In heterozygous females, there are irregular patches of skin having few or no sweat glands.

F3 generation

F3 generation

Identical twins

The placement of these patches varies among affected women owing to random X-chromosome inactivation.

Identical twins

I 4.1 Three generations of women heterozygous for the X-linked recessive disorder anhidrotic ectodermal dysplasia, which is inherited as an X-linked recessive trait. (After A. P. Mance and J. Mance, Genetics: Human Aspects, Sinauer, 1990, p. 133.)

glands; the placement of these patches varies among affected women ( FIGURE 4.1). The patchy occurrence of these features is explained by the fact that the gene for anhidrotic ectodermal dysplasia is located on a sex chromosome. Additional information about anhidrotic ectodermal dysplasia, including symptoms, history, and genetics

In Chapter 3, we studied Mendel's principles of segregation and independent assortment and saw how these principles explain much about the nature of inheritance. After Mendel's principles were rediscovered in 1900, biologists began to conduct genetic studies on a wide array of different organisms. As they applied Mendel's principles more widely, exceptions were observed, and it became necessary to devise extensions to his basic principles of heredity.

In this chapter, we explore one of the major extensions to Mendel's principles: the inheritance of characteristics encoded by genes located on the sex chromosomes, which differ in males and females ( FIGURE 4.2). These characteristics and the genes that produce them are referred to as sex linked. To understand the inheritance of sex-linked characteristics, we must first know how sex is determined—why some members of a species are male and others are female. Sex determination is the focus of the first part of the chapter. The second part examines how characteristics encoded by genes on the sex chromosomes are inherited. In Chapter 5, we will explore some additional ways in which sex and inheritance interact.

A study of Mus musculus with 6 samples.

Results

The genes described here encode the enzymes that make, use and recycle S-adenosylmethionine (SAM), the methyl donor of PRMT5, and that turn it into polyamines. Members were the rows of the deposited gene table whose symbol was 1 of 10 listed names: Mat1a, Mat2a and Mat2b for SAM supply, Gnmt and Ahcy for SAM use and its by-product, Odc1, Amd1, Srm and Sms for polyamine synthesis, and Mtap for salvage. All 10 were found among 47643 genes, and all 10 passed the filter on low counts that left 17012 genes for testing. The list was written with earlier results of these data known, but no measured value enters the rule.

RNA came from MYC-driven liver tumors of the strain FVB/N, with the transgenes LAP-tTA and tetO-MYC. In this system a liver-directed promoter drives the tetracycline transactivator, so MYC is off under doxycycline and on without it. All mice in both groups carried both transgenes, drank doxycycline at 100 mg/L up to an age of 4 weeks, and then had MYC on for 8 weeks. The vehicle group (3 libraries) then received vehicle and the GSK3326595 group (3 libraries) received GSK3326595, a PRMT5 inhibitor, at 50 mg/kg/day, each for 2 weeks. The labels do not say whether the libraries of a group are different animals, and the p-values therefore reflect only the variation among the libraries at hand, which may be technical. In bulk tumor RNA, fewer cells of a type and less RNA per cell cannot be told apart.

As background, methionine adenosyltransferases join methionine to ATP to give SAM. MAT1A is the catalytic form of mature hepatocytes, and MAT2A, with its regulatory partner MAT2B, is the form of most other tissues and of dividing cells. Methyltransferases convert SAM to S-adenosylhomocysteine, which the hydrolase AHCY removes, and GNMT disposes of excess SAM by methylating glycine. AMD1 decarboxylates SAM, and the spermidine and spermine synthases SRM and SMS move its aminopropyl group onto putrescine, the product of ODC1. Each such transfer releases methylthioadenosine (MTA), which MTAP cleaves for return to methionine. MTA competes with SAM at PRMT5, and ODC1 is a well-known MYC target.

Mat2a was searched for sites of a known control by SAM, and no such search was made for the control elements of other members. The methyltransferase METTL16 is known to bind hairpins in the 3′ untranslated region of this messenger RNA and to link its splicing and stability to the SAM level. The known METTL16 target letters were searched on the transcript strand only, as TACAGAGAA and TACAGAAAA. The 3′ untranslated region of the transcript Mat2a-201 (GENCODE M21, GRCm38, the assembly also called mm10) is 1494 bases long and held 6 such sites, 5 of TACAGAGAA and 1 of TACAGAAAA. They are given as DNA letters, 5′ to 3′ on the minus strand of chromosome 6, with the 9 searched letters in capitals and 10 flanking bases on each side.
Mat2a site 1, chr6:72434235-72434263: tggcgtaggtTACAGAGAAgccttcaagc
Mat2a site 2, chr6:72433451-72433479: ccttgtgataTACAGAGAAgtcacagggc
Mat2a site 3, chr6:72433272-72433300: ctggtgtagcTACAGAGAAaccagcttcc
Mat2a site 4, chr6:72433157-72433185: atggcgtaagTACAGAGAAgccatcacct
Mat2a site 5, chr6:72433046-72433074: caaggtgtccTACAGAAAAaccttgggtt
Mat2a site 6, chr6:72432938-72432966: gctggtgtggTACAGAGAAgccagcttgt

As we consider sex determination and sex-linked characteristics, it will be helpful to think about two important principles. First, there are several different mechanisms of sex determination and, ultimately, the mechanism of sex determination controls the inheritance of sex-linked characteristics. Second, like other pairs of chromosomes, the X and Y sex chromosomes may pair in the course of meiosis and segregate, but throughout most of their length they are not homologous (their gene sequences don't code for the same characteristics): most genes on the X chromosome are different from genes on the Y chromosome. Consequently, males and females do not possess the same number of alleles at sex-linked loci. This difference in the number of sex-linked alleles produces the distinct patterns of inheritance in males and females.

I 4.2 The sex chromosomes of males (Y) and females (X) are different. (Biophoto Associates/Photo Researchers.)